This very handsome lab mix just turned 3! He had a rough start in life–battling parvo as a tiny puppy and then undergoing open abdominal surgery to remove an intestinal blockage when he was only a few months old. After finally recovering, he was brought to a foster home in Ithaca, NY thanks to Hubbard’s Hounds. Because he spent his younger months in a vet hospital, he missed out on prime socialization time that would have helped him become the confident boy his size and stature (solid 85 lbs!) would otherwise suggest. But, with time and patience, he has done very well in his foster home and he has a lot to offer the right person!
Havoc walks very well on a short leash with a properly fitted prong collar (this helps keep his attention focused on his handler) and he’s a fabulous running & hiking buddy. He also loves going for rides in the car (short or long) and his foster mom often brings him along to run errands when the weather is appropriate. He has done some backyard agility work to help build confidence and is generally eager to please although, when he gets over-excited, he sometimes gets the zoomies and tears around like a giant goofball. He loves playing w balls (there are some hard rubber kinds that last a bit longer than tennis balls) although he tends to enjoy HAVING the ball, as opposed to dropping it for fetch over and over again. He also likes rope bones and other chew toys, but because he can make short work of some toys, his foster mom is very careful to make sure any small pieces are removed so he can’t accidentally swallow them.
As mentioned, Havoc can exhibit some anxiety, although there are a lot of ways to snap him out of it. Currently, isolation distress (being left all alone) is his biggest challenge, so he would do best in a home where there could always be someone with him. He has adapted well to his foster home (solid routines are key for him) and they are currently able to crate him, alongside their dog, for several hours at a time, several times a week. He may not be ready for this in a new home right away, but patient training should help. And when his foster family goes out of town, they have had housesitters stay with great success (Havoc doesn’t necessarily mind WHO is with him, just prefers that SOMEONE is.) 🙂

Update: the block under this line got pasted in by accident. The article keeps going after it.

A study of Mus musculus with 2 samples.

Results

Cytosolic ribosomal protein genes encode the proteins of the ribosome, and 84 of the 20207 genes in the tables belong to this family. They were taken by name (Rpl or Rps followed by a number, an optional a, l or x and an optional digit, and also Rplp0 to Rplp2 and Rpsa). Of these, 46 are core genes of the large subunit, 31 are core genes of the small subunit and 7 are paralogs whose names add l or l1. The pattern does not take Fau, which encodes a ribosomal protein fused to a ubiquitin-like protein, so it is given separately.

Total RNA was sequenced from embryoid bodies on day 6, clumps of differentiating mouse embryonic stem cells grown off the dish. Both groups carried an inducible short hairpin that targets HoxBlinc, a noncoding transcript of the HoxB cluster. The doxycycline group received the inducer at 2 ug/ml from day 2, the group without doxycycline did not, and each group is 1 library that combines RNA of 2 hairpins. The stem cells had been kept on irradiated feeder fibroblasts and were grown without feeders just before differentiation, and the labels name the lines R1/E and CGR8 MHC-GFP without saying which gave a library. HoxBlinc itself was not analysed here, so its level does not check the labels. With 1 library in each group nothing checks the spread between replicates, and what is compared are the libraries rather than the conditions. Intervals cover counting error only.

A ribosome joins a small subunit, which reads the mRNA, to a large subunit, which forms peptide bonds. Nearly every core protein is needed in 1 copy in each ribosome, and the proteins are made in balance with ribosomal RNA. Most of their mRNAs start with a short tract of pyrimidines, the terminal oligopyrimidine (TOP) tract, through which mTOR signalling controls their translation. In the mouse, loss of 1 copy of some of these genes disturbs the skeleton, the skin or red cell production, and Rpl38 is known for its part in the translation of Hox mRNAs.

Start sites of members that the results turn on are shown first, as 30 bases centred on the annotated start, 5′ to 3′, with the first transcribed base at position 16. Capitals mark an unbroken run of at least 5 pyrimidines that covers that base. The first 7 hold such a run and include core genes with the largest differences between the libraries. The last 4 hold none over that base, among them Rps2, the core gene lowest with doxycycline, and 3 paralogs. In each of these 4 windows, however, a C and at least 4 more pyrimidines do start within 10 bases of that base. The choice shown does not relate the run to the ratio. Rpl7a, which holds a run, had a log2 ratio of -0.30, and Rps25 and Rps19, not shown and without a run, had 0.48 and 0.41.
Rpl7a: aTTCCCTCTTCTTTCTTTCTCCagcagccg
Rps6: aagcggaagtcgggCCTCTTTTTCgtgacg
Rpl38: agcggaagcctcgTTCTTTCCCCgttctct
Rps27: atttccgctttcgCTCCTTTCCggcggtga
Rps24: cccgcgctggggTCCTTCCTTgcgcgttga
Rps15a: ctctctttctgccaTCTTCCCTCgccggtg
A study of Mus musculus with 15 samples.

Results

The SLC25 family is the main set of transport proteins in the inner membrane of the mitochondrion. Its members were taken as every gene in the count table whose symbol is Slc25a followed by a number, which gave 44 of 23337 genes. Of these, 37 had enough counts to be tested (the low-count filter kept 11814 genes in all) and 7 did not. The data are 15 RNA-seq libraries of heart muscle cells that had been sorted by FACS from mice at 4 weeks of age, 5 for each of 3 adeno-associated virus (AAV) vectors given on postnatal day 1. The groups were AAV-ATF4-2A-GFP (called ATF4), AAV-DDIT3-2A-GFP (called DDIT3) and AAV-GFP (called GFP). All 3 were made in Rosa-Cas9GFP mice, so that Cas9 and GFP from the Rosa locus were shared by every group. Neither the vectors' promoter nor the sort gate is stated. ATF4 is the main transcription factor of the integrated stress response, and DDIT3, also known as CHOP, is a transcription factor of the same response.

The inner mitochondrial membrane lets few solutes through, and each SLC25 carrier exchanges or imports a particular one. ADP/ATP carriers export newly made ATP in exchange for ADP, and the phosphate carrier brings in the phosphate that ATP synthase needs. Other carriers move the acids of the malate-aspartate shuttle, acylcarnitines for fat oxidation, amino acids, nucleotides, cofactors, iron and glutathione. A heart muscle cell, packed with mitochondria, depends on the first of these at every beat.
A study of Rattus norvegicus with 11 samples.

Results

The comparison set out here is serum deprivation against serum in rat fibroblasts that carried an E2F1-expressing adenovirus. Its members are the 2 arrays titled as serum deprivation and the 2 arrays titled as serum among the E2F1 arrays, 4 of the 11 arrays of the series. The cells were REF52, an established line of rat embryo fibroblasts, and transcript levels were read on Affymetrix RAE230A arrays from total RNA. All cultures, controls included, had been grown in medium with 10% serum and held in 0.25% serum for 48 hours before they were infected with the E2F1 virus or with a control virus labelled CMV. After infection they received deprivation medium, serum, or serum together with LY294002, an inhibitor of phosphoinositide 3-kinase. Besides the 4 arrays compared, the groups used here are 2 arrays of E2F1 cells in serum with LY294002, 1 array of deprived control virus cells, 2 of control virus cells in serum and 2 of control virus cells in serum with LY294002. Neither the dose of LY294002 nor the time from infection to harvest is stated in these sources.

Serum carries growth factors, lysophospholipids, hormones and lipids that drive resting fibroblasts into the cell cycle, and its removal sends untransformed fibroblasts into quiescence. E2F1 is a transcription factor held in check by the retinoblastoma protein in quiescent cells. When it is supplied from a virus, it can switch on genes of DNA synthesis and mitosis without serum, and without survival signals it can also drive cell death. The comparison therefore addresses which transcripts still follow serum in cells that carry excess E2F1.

Havoc cannot be in a home with small animals because of his prey drive & size, and he can appear dog selective although (like his other ‘quirks’) it is really just a matter of managing his anxiety. He benefits from calm introductions (like long walks together, over multiple meetings) in order to build up trust and has done well with other dogs in this way. Finally, Havoc cannot be in a home with young children because they honestly just scare the bejeebers out of him. Older children who are dog savvy (and can understand how to read his mood and the need to behave calmly) may be okay.
This handsome buddy has been patiently waiting for his forever home and would really love to find his person–could you be that family for him? Please email email@example.com if you want to learn more about Havoc, or submit an application today!